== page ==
Saturday, May 13, 2017

University of Wisconsin-Eau Claire Decides to Violate The 1964 Civil Rights Act

Inside Higher Ed reports:
Big-budget diversity initiatives on a number of campuses have drawn praise and skepticism in recent years. The praise sounds like this: money dedicated to a cause signals its value and enables needed change. The skepticism centers on questions such as whether all students will benefit from, say, the hiring of 20 new professors who contribute to an institution’s diversity goals, or whether well-funded campuses will simply poach inclusion-attuned scholars from others, leaving winners and losers.

What if there was a more efficient, inexpensive way for institutions to live up to their diversity and inclusion goals? An unlikely institution says it has one.

“After 30 years in administration, I don’t have much tolerance for window dressing or lip service. If you’re going to put a value out there, you need to do something with it,” said James Schmidt, chancellor of the University of Wisconsin-Eau Claire and champion of its new policy requiring that all periodic evaluations of staff and faculty members -- including tenure and promotion decisions -- consider the employee’s contributions to equity, diversity and inclusion on campus.

Not exactly a hotbed of diversity, Eau Claire is a small, overwhelmingly white (upward of 90 percent) city in western Wisconsin, and the regional university there reflects its setting. Schmidt also described himself as an unexpected leader on equity, diversity and inclusion, saying that he didn’t come to Eau Claire four years ago with the initiative in mind. And as a straight white man, he felt relatively unequipped to head it, he said.

But as his campus, like so many others, faced calls for attention to climate, recruitment and retention issues for underrepresented groups over the past few years, it became clear it had to do something, he said.

Unfortunately for Eau Claire, the new desire coincided with dramatic state budget cuts to higher education, in 2015. Financially tethered, the institution quietly started discussions about how it might put its diversity goals -- including having a 20 percent minority student population within a decade -- into action anyway (something like satisfying champagne taste on a beer budget).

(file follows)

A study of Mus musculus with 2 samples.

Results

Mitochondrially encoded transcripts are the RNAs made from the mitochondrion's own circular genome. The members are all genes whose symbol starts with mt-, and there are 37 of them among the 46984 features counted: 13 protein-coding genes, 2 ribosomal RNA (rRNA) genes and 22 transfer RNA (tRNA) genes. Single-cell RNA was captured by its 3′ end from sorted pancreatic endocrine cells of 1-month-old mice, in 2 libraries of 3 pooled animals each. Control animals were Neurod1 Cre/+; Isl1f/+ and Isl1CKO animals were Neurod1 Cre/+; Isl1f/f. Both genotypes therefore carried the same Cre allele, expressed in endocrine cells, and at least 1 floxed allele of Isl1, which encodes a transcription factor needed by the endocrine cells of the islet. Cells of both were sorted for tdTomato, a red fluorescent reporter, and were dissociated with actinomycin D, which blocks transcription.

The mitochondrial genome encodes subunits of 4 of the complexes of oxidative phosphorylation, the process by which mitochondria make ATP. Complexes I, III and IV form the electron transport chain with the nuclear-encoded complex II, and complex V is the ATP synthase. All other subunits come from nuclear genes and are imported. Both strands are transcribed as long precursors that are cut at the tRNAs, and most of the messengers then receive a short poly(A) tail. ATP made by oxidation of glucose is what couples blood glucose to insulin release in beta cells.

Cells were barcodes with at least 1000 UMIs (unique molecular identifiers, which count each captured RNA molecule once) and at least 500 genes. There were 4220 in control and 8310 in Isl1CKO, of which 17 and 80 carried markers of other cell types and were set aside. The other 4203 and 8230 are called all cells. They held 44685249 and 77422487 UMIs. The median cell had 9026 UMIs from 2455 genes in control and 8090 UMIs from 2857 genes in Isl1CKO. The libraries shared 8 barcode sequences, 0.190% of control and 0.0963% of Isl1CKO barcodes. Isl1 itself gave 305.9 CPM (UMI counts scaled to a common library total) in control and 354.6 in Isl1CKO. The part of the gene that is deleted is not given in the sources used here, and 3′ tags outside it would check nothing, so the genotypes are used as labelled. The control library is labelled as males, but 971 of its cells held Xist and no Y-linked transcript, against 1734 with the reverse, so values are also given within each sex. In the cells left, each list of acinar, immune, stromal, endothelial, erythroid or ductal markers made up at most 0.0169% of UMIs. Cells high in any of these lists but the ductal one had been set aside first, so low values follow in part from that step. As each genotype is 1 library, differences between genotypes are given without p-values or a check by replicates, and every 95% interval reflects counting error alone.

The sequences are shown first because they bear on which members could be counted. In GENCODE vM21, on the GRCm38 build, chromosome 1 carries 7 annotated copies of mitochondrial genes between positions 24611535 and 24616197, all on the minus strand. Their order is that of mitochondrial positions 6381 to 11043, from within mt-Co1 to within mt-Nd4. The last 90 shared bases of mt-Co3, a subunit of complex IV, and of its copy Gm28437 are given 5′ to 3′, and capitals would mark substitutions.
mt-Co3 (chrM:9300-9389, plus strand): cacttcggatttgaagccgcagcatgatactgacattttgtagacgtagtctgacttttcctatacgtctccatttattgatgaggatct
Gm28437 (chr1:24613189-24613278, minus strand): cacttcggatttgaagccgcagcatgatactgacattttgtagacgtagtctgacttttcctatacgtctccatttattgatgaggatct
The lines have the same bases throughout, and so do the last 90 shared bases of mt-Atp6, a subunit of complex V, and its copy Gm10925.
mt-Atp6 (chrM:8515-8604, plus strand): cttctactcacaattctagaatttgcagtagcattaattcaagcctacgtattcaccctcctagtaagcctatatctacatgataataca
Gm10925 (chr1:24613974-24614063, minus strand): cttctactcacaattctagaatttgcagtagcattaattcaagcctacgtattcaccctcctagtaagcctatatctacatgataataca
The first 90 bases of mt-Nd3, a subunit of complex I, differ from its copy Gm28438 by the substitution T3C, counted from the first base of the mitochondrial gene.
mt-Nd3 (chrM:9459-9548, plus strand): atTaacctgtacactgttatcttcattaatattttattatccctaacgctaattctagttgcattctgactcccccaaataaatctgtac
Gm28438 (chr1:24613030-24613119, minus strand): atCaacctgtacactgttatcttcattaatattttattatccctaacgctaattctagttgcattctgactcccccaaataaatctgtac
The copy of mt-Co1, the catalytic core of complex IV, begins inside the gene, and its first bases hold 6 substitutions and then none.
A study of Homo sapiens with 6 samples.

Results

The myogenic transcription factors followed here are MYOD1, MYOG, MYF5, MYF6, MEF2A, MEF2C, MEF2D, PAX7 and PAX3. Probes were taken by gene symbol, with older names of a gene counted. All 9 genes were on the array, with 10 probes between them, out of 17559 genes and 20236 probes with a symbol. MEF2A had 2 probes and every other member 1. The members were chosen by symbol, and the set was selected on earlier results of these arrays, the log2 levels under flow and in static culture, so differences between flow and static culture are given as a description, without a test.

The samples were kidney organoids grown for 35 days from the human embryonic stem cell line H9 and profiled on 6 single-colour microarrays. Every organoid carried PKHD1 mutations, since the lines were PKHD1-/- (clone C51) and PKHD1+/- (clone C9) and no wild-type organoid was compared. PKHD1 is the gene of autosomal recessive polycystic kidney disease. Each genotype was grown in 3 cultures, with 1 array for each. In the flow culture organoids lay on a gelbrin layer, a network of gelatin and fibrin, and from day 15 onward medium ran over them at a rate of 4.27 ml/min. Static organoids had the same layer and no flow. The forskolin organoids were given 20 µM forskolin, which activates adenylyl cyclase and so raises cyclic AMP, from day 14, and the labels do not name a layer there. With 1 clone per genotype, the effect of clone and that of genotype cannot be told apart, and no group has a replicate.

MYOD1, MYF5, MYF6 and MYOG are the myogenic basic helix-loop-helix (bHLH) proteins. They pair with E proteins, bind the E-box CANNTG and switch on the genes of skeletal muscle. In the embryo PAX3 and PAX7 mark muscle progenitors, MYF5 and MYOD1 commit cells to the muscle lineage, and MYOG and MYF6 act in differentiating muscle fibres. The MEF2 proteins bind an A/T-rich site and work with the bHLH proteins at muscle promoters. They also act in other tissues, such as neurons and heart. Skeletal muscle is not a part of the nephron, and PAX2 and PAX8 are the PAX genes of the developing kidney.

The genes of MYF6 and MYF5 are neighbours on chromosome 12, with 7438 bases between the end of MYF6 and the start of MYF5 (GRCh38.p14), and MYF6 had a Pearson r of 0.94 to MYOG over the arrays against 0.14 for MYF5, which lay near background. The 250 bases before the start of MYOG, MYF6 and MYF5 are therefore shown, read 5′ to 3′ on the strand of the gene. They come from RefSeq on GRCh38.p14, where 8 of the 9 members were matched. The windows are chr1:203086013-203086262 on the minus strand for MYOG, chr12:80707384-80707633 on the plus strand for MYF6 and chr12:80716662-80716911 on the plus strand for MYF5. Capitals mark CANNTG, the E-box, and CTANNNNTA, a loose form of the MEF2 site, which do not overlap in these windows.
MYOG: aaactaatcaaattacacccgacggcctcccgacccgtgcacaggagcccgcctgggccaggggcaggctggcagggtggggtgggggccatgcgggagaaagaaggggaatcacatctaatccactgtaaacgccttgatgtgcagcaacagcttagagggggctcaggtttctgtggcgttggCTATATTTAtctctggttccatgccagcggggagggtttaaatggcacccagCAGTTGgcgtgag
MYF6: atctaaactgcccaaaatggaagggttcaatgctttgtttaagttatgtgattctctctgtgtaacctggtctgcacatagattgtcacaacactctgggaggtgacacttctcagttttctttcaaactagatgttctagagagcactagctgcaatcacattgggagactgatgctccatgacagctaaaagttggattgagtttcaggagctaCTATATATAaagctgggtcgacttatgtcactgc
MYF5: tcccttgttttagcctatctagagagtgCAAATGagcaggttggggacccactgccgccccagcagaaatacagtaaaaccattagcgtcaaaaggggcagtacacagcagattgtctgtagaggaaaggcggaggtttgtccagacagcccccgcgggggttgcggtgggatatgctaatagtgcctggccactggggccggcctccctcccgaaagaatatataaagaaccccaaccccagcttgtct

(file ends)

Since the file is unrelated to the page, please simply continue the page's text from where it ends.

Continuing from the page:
Through discussions with the faculty and, ultimately, through the University Senate’s Faculty Personnel Committee, Eau Claire proposed a policy saying that in addition to teaching, research and service -- the three pillars of faculty work -- all professors “are expected to contribute to university efforts towards equity, diversity and inclusivity.”

Such contributions “can be included in any of the three primary criteria for periodic review,” the policy said, but “all periodic reviews shall include an evaluation of the faculty member’s EDI engagement.” Contributions can be demonstrated through teaching and curricular development; scholarly activity; engagement in initiatives that directly serve underrepresented students, underrepresented faculty and/or underrepresented communities; professional development; or any other activities as defined in the approved evaluation plan.
Someone will a great lawsuit here. If Governor Scott Walker can't fire Comrade James Schmidt at least he can write a letter to Attorney General Jeff Sessions about the apparent RICO enterprise to violate the 1964 Civil Rights Act and the 14th amendment to the U.S. Constitution.